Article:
A Feel Good Story about the End of the World
Who knew the end of the world could be so much fun? This is an entertaining farce on the state of politics and world affairs.
When the news all seems bad in the world, Colin Robertson’s raucous farce, Chaos Theory, a “feel good story about the end of the world,” puts an amusingly absurd spin on heavy affairs. His variety pack of eccentric characters—terrorists, politicians, and scientists—are sketched out in witheringly funny detail alongside a fast-moving plot. Despite the daunting premise, there’s no fear in seeing this book through to the end (of the world).
In the late 1950s, the race between countries is on—who can build the bigger bomb? This setup lays the foundation for the plot and the ultimate invention—chaos in a canister. Made, then lost, then found, then sold on eBay, then the catalyst for a major military operation, the matter-eating bomb will essentially devour the world, and there’s no stopping it. But where is it? And are we sure that canister is not a fake? These questions drive the story.
Robertson jumps around in time, explaining how things came to be, and uses persuasive and interesting scientific theories to make the story believable. As the Cold War grips the superpowers, the chilling consequences of domination get a goofy spin through Robertson’s skill at making intense ideas come across in silly prose. For example:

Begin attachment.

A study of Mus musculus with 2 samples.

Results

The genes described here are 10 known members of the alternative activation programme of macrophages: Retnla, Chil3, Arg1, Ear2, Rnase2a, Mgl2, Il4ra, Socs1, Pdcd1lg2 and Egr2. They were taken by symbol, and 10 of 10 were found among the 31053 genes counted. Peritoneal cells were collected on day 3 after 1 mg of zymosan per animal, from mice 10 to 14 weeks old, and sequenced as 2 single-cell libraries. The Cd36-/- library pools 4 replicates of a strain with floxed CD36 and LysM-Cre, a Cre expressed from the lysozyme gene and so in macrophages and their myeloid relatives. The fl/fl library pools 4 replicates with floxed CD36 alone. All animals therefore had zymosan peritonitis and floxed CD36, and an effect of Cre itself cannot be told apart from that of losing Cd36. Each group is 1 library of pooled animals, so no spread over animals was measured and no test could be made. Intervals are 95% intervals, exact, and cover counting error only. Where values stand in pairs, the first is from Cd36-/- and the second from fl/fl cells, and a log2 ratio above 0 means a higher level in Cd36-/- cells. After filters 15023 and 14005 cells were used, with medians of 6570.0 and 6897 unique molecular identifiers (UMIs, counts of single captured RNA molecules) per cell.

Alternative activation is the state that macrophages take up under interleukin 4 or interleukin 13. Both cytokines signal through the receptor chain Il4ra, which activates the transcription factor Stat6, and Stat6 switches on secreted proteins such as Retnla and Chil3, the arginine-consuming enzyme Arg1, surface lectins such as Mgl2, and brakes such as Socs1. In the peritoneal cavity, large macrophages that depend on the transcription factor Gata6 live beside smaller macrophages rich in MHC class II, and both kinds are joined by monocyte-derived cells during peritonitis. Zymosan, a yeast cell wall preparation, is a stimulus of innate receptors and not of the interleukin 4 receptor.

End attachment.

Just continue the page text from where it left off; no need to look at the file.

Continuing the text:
The General had once held a meeting to discuss the possibility of turning the Pentagon itself into a giant pentagram. The theory was that a large “military grade demonic symbol” might be used to summon the devil himself with whom some sort of deal could be struck to destroy the Soviets. The plan was scrapped only after the President himself got wind of it and pointed out that some might consider a pact with Satan “unAmerican.”
With tight and brisk writing, the story cruises along, poking fun at everything from a buffoon of a president to the name of Seal Team 6-squared: the country’s “best of the best of the best.”
The cover is a bit abstract and looks like a textbook, and the copy would benefit from an additional buffing to clean up the minor errors. The summary on the back cover captures the story well, however, preparing one for the humorous antics within.
Essentially a sarcastic yet serious riff on the state of politics and world affairs, Chaos Theory is entertaining and light reading on a heavy subject. Who knew the end of the world could be so much fun?